A couple of weeks ago I was at a goal setting meeting with my riding coach, Stephanie Goodman. It was a group meeting for the barn to talk about 2020 plans and longer term vision.
During that meeting, people were voicing their 2020 goals and plans with their horse. At one point, someone asked Steph, “What goals would you set for us?”
Her answer was intriguing. She answered that most of her clients under-set their goals. She thinks people have far greater potential and ability than they strive to achieve.
I’ve known this about her. Usually Steph has more faith in my abilities than I do, and I find myself wondering, “What would it feel like to see my potential from her perspective?”
Of course, there are many reasons people don’t step into their potential:
✅You might have other priorities and just aren’t in a life season to put forth the effort. Maybe you just took a new job, are having a baby, taking care of a sick family member, or have non-horse related goals (really, it happens!).
✅You might not know how to make a plan. That big goal would be awesome if it wasn’t so intimidating. You really have no idea how to get from Point A to Point B.
✅You didn’t even know that more is possible. The idea that you could reach higher and go further in your riding never occurred to you.
✅You don’t know how to direct your energy to a big goal. You set the goal, make a plan, and struggle with being consistent. How do you get baby steps to add up to something bigger?
✅And you might not feel the drive to that big goal. That stretch goal with your horse isn’t what gets you going. You love your relationship with your horse without the added pressure of a stretch goal.
For me, I’m stretching into 2020. I haven’t pushed myself in the riding arena for the last few years because my focus was elsewhere (aka growing my business!) but this year I’m feeling the energy and drive come back to my riding. It feels so fun!
Here are 5 ways to step into your potential:
1. Make a plan.
I know this sounds so basic, but many times you don’t reach your stretch goals because you simply didn’t plan to stretch. Horse sports are complicated, which makes them fun/intriguing/challenging, but you need to make a plan for two athletes – yourself and your horse. Map it out!
2. Hire a coach, or better yet, coaches.
Stretching means you’re going where you’ve never gone. So how do you expect to know how to get there, or what to do once there? A coach helps you navigate the unknown, gain skills to move toward your goal, and keep you on track with your plan. They can also help with a little motivation and inspiration when times are tough.
Think about your areas of focus to meet your goal. You need to gain riding skills, but you also need to train yourself off the horse to be an athlete.
Riding coach – this person helps you in the saddle. You take riding lessons, get help with training plans, and do your “horse stuff” with this individual.
Fitness/nutrition coach(es) – these resources help you out of the saddle to create and execute on your fitness and nutrition plans. There are options here ranging from 1:1 coaching to group coaching to online programs. Decide what works best for you, and your budget, then find a program and stick to it!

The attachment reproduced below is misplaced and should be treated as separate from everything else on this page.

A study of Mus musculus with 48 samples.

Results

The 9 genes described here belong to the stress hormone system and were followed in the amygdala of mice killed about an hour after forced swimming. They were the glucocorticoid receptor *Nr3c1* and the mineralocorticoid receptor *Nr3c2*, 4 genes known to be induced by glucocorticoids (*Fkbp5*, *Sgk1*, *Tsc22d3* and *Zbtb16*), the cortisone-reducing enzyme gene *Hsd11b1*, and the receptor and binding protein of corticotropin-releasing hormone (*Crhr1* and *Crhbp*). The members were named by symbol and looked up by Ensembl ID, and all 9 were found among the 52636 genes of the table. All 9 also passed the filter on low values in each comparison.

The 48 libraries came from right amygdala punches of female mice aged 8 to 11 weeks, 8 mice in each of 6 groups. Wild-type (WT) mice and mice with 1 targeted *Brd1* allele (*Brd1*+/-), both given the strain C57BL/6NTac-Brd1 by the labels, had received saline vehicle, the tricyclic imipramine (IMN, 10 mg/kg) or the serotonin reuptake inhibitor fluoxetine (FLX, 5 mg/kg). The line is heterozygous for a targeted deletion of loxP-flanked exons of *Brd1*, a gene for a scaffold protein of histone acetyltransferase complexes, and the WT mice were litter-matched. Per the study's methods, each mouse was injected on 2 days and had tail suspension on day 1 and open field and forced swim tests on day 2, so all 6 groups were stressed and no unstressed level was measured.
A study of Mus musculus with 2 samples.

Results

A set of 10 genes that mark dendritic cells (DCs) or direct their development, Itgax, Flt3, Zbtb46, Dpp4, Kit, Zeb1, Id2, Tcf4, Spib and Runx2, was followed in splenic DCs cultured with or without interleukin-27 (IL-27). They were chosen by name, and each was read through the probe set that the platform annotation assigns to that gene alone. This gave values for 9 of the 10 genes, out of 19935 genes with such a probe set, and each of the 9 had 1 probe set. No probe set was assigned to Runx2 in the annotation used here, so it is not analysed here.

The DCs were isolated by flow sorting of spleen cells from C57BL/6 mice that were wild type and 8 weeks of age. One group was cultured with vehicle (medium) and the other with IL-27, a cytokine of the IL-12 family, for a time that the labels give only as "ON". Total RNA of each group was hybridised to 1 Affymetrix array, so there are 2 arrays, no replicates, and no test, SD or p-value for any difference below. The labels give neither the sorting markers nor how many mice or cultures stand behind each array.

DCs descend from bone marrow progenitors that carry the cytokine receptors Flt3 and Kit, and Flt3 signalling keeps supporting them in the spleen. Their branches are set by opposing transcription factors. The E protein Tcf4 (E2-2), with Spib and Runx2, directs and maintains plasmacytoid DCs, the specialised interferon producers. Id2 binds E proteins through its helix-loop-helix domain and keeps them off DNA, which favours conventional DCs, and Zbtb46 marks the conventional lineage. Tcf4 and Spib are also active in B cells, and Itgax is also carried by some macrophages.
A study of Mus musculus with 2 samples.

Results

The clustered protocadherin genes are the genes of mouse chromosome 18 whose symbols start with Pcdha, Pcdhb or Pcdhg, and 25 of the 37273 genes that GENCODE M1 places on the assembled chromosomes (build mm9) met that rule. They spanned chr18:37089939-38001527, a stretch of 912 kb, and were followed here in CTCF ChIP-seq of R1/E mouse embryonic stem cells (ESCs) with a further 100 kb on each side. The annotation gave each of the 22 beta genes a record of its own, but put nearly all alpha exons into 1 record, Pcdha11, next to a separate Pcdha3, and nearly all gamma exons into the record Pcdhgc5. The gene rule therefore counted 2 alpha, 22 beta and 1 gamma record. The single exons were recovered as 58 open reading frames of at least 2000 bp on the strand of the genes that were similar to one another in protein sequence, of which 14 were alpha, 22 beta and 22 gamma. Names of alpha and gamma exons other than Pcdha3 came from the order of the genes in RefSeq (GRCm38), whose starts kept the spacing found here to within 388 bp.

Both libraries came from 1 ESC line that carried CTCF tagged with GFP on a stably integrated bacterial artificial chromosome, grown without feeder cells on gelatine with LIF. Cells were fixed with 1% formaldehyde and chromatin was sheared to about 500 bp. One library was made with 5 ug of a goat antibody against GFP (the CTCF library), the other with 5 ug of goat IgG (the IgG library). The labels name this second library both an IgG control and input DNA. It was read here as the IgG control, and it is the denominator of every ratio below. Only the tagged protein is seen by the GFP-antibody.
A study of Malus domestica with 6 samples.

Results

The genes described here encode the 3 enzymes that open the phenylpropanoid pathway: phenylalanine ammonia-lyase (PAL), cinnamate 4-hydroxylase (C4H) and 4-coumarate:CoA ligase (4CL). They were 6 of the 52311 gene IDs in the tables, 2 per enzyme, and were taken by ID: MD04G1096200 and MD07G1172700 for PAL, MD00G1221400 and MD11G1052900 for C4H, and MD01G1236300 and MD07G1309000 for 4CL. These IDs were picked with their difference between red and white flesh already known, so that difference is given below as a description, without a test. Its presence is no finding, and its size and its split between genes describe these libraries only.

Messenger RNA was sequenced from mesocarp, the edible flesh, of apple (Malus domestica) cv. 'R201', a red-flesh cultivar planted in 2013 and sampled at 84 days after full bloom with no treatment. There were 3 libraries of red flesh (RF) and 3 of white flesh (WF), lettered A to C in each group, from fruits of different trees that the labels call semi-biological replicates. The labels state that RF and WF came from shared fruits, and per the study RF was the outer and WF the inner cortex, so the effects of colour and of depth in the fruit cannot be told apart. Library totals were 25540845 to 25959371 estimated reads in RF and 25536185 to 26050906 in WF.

Mental skills coach – this is for mindset training to help you get focused, deal with fear or anxiety, or train your mind much like you train your body. Again, you can find 1:1 coaching, group programs, or online DIY classes. Whatever option you pick, consistently do the work!
3. Make your goals public.
Tell the world you plans. You’ll feel a little pressure to step up and follow through. When we’re reaching for something just out of reach, sometimes we need a little pressure to push past the fear of failure.
4. Find a “goal partner” for accountability.
Look at your training plan. It’s going to be multi-faceted because it will include training you + horse, training just yourself (fitness/nutrition/mindset) and conditioning work for your horse. Is there an area you struggle with? Perhaps riding your horse is the easy part, but eating healthy food is a struggle. Find a friend who will be your goal partner. You can help each other be accountable. As backwards as it seems, being accountable to another person is often easier than being accountable to ourselves (but that’s a whole other topic!).
5. Create a tracking tool.
What gets measured gets managed. After you create a training plan, use a weekly tracking tool to monitor if you’re following your plan. Research shows that humans are optimists. We over-estimate how well we follow through with action plans (oops!). Often times if you’re not making progress, it’s because you’ve skipped one to many training sessions, workouts, or meal prep Sundays. The good news is this is a simple problem to correct.
I’ve provided a tracking tool you can download HERE.
This is one I use that aligns with the Consistent Athlete Commitments I teach in Equestrian Athlete Fitness365. It helps you monitor riding your horse, your fitness plan, eating healthy, and mental training, which are all the elements to be an effective athlete.
Start your 7-day free trial of Equestrian Athlete Fitness365 and get a 12-month training system for your body and mind. You also get membership in the Consistent Equestrian Coaching Club to help you stay focused on your fitness and weight management goals. Click here to learn more and sign up today. I’d love to see you there!